NEW YORK: Johnson & Johnson didn’t just buy market share when it acquired hair care and personal care manufacturer Vogue International two years ago. It also bought a lesson in relevance and speed.
That was one takeaway offered by J&J’s CCO and VP of global corporate affairs Michael Sneed and Vogue president Michael Marquis at a panel hosted by Interbrand at the New York Stock Exchange on Friday.
Sneed and Marquis talked about branding’s role in M&As and the challenges and opportunities of large multi-brand companies acquiring smaller, more focused firms.
J&J bought Vogue in 2016 for $3.3 billion. Since then, Sneed said, his company has looked to the smaller company for lessons about the evolving marketplace.
"They’re showing us how to do business in the 21st century," Sneed said. "At J&J we talk about being a 130-year-old startup. But it’s one thing to say it and another to demonstrate it. [Vogue] is teaching us a lot about how we should best work so as we grow we can remain relevant."
Sneed said Vogue had capabilities that J&J either didn’t have or didn’t understand as well.
One of the capabilities, described by Marquis, was how tightly Vogue coordinates marketing and product design with social media. Instead of using market research firms, Vogue has community managers in each of its markets who constantly monitor social networks keeping tabs on customers’ concerns, and ensuring Vogue products are part of the discussion.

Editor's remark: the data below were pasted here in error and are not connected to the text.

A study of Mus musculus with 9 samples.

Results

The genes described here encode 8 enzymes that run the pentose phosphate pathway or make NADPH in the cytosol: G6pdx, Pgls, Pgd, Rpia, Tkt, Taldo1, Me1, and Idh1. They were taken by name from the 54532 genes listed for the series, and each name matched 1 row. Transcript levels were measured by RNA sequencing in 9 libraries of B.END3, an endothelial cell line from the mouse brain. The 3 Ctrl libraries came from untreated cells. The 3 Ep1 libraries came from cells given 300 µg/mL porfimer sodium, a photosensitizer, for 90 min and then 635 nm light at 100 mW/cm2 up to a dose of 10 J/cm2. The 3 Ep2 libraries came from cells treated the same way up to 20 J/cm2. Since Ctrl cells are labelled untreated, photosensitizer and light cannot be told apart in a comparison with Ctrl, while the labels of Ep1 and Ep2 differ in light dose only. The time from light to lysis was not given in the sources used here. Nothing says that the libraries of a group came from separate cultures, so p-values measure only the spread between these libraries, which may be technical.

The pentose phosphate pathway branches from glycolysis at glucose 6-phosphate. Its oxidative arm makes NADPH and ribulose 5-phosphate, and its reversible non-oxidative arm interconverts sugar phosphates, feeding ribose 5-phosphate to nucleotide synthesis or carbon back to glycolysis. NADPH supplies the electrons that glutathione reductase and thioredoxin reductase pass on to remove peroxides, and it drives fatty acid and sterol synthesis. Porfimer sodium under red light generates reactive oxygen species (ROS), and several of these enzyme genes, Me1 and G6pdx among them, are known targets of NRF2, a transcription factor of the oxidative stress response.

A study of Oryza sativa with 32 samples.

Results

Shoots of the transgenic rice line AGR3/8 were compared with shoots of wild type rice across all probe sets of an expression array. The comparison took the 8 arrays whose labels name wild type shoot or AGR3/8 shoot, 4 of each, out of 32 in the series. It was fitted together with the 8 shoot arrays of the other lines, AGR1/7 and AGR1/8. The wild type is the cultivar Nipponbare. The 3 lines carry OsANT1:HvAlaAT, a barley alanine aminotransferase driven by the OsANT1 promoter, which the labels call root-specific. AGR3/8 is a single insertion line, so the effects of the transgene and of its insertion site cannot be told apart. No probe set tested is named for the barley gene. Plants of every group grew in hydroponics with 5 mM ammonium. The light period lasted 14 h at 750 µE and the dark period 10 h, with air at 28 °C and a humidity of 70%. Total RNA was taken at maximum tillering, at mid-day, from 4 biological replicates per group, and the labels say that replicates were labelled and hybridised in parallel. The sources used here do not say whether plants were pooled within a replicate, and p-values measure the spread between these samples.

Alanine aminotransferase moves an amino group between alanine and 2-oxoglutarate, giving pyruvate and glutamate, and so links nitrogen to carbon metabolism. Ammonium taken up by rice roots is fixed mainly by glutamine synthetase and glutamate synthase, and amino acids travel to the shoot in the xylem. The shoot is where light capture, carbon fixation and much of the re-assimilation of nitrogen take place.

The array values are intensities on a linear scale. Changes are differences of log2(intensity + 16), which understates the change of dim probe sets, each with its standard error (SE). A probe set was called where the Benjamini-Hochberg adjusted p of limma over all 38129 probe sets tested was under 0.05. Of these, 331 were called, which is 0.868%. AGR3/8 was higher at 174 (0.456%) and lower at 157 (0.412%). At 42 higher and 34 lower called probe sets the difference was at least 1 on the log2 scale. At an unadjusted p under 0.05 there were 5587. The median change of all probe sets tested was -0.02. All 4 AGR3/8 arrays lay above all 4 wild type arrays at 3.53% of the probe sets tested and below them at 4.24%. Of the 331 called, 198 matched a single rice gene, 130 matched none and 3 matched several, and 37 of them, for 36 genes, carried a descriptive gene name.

Another example is the speed at which Vogue operates. Marquis was amazed one day, when Vogue staff asked for his comments on a print ad and brought back an updated version an hour later.
"How did you do that?" I asked. "The speed I’m used to is: you give comments back to an agency, they write them up in notes, generate a report, and then it goes to an editor."
In general, Sneed said, acquiring companies like Vogue allows J&J to move past the approaches some might associate with his company.
"We can always look at bringing in tech like Vogue and business models that are quite different than what we are already doing," he said. "We should be looking far and wide for where we get our strategy and not just one way."